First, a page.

SALT LAKE CITY (AP) — Tough defense is becoming a crucial part of Minnesota’s basketball identity.
That was evidenced by what the Timberwolves did in the closing seconds of their 116-111 victory over Utah on Saturday night.
The Jazz had a chance to set up a tying 3-pointer and force overtime with 4.2 seconds left. Minnesota did not even let it get to that point.
The Timberwolves forced Bojan Bogdanovic to commit a five-second violation on an inbounds pass. Utah got the turnover and Minnesota got the win.
“We played a tough game today,” center Karl-Anthony Towns said. “We gutted this one out. Played great defense all around.”
D’Angelo Russell had 25 points and six assists to lead the Timberwolves. Towns added 16 points and 12 rebounds. Minnesota had five players score in double figures.
Jordan Clarkson scored 23 points and Donovan Mitchell added 21 to lead the Jazz. Mike Conley added 20 points and Rudy Gobert chipped in 18 points and 17 rebounds. Utah trailed over the final three quarters.
The Jazz rallied from a double-digit deficit and closed within 107-103 with 2:27 left on back-to-back 3-pointers from Mitchell. Russell hit a jumper and Josh Okogie cut to the basket for a dunk on Minnesota’s next two possessions to keep Utah from erasing the Timberwolves’ lead.
Utah made it a one-possession game on Gobert’s putback dunk with 5.9 seconds left. Russell made only 1 of 2 free throws, giving the Jazz a chance to set up a tying 3-pointer that never materialized.
“They were the more aggressive team, and they took us out of our actions,” Mitchell said. “We couldn’t use their aggression against them.”
Anthony Edwards tallied nine of his 18 points in the first quarter.
“He’s going to continue take steps because he has a growth mindset,” Timberwolves coach Ryan Saunders said. “I thought he made plays within the offense too. You don’t see that a lot from a teenager.”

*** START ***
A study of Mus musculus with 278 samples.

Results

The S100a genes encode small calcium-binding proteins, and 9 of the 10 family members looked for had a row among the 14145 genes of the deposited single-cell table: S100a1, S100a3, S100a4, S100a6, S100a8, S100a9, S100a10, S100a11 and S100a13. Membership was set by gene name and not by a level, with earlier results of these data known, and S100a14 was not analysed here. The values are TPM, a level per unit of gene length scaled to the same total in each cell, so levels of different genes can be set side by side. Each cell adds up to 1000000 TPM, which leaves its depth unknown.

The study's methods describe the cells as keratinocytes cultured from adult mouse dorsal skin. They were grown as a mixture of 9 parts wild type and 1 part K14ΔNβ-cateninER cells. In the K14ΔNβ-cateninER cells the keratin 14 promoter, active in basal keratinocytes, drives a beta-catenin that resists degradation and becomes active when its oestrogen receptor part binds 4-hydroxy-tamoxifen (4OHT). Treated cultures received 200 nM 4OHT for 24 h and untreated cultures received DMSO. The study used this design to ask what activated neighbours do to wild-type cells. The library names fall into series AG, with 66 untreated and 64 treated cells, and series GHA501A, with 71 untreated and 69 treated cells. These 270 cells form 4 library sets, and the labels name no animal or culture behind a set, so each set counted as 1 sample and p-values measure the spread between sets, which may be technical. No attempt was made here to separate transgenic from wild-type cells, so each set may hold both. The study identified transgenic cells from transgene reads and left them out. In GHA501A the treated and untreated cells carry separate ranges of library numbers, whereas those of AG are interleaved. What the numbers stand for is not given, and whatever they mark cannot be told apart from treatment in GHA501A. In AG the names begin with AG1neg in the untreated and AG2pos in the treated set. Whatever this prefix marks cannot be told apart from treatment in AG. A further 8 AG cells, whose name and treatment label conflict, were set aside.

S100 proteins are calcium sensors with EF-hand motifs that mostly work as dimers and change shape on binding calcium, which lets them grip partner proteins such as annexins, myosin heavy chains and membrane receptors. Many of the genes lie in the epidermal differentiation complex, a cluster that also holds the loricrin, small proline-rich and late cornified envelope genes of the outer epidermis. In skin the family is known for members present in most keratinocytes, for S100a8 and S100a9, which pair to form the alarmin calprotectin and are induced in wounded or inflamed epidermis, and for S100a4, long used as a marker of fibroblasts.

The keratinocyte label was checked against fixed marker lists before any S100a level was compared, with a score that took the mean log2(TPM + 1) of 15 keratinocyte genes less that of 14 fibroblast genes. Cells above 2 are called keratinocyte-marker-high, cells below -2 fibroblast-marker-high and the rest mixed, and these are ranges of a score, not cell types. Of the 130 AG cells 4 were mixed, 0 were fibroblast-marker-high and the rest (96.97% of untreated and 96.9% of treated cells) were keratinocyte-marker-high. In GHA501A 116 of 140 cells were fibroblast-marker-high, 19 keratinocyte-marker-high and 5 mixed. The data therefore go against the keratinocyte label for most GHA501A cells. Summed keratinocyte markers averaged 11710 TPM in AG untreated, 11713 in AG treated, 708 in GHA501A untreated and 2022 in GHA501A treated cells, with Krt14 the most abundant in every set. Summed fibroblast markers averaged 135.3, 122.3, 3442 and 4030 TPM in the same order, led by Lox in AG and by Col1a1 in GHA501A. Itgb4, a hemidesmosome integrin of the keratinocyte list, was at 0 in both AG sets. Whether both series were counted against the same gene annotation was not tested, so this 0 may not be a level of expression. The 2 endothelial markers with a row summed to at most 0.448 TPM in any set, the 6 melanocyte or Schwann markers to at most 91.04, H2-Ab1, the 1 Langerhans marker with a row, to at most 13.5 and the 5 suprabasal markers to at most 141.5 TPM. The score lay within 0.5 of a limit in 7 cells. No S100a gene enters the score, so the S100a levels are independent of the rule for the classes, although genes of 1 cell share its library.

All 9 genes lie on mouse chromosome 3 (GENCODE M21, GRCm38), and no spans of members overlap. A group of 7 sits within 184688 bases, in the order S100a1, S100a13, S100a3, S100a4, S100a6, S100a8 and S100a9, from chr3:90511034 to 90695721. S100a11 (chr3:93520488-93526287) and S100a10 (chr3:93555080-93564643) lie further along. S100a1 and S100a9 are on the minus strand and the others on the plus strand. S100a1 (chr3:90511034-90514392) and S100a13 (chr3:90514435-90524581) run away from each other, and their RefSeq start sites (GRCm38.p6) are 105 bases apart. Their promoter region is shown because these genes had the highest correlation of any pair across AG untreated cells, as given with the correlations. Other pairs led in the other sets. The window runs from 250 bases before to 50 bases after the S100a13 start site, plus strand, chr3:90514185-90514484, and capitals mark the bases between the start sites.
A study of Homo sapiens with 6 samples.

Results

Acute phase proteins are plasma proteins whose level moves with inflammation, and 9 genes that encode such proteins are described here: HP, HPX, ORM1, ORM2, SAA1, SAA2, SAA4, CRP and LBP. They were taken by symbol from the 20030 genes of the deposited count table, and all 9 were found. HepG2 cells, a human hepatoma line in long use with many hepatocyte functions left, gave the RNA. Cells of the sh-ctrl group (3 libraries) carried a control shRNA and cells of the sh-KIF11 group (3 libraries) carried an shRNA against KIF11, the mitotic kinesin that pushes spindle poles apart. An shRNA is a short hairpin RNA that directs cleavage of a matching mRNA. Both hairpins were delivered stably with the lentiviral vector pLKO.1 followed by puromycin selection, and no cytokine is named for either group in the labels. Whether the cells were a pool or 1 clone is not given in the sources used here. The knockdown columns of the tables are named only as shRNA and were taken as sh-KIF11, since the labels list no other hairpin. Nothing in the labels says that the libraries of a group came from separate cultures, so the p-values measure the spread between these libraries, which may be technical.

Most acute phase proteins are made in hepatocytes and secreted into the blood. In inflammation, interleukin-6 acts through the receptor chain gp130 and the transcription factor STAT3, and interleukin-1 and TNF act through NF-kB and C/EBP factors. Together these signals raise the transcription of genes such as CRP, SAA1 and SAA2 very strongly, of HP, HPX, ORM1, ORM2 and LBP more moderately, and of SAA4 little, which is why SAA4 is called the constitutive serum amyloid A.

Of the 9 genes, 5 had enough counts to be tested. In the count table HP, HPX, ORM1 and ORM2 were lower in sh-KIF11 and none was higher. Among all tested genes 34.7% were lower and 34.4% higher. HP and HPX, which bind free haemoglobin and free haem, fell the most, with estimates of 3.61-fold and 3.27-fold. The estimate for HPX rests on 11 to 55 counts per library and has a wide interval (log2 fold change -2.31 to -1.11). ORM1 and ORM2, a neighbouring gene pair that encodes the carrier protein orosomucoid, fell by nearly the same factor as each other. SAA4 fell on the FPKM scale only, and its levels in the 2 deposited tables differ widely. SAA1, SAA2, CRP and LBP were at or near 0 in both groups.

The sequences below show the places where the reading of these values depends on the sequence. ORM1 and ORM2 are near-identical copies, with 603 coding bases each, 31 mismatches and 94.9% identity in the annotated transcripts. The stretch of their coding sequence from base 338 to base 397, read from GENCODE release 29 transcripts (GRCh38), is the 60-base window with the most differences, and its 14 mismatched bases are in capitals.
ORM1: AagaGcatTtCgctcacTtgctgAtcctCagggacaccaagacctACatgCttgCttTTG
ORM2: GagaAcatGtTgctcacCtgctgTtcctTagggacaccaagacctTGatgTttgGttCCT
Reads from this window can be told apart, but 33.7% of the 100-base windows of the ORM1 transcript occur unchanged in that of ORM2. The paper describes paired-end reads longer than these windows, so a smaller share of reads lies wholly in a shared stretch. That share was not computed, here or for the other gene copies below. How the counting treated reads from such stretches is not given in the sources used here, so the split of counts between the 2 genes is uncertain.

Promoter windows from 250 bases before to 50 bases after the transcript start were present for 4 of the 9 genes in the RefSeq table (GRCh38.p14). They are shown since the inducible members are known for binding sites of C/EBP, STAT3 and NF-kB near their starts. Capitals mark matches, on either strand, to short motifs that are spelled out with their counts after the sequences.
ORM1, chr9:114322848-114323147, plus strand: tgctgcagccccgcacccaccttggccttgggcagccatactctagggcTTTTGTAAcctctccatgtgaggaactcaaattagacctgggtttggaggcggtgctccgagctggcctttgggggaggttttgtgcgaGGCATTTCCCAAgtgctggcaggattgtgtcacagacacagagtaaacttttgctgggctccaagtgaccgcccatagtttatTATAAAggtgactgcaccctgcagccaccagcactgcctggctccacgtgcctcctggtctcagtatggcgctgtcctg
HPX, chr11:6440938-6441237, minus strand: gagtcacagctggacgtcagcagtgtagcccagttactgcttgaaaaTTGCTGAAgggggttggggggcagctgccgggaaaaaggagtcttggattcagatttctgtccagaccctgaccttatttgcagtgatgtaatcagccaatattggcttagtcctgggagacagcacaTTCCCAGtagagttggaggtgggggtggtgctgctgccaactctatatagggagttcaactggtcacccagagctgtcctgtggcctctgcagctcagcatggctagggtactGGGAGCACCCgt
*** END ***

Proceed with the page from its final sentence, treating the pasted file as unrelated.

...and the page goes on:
The Jazz cut the deficit to a single possession near the midway point of the second quarter, pulling within 44-41 on a floater from Clarkson. Minnesota stamped out the rally with a 10-2 run, punctuated by a banked floater from Beasley, and extended its lead to 54-43.
Utah struggled with defending the perimeter and could not adapt enough on offense to handle consistent pressure from the Timberwolves.
Minnesota shot 55% from 3-point range in the first half. The Timberwolves made 11 3-pointers before halftime. On the other end, they forced 12 Jazz turnovers and turned those into 17 points.
“Minnesota was the more aggressive team in the first half,” Utah coach Quin Snyder said. “They ran, they defended, and we didn’t do either of those things.”
Not much changed for either team in the third quarter. Minnesota led by as many as 17 points in the quarter, going up 86-69 on a Naz Reid 3-pointer.
Timberwolves: Towns blocked four shots, his highest number of blocks in a game since the 2018-19 season. … Jarrett Culver went 3 of 3 from 3-point range and finished with 14 points. … Minnesota scored 26 points off 18 Utah turnovers.
Jazz: Conley scored Utah’s first nine points of the third quarter. … Mitchell and Bogdanovic were a combined 9-of-39 shooting from the field. … Royce O’Neale finished with 13 rebounds. … The Jazz had a moment of silence before tipoff for Utah running back Ty Jordan, who died from an accidental gunshot wound on Friday night.
BRINGING BACK THE FANS
1,500 fans piled into Vivint Smart Home Arena to watch the Jazz play their home opener. Utah is one of the few NBA teams to play games in front of fans this season. Fans were limited to seats in the lower bowl and none sat courtside near either team.
The Jazz enjoyed playing before actual fans again.
“It was a breath of fresh air for all of us,” Conley said. “It sounded like a lot more people than were there. Loved having the fans and our families there.”
The Timberwolves also embraced seeing socially distanced faces in the crowd.
“It was a dope experience,” Edwards said.
GUTTING IT OUT
Towns left late in the fourth quarter after falling on his left wrist. He returned to action for the final 57.7 seconds. The wrist was sore after the fall, but the Minnesota center decided to finish things out and play through the pain down the stretch.
“I didn’t just want to quit the game and go get X-rays,” Towns said. “I wanted to be there in case my team needed me.”
Towns fractured the same wrist in February before the NBA All-Star break.
Timberwolves: Continue their three-game road trip against the Clippers in Los Angeles on Sunday.
Jazz: Hit the road to face the Thunder in Oklahoma City on Monday.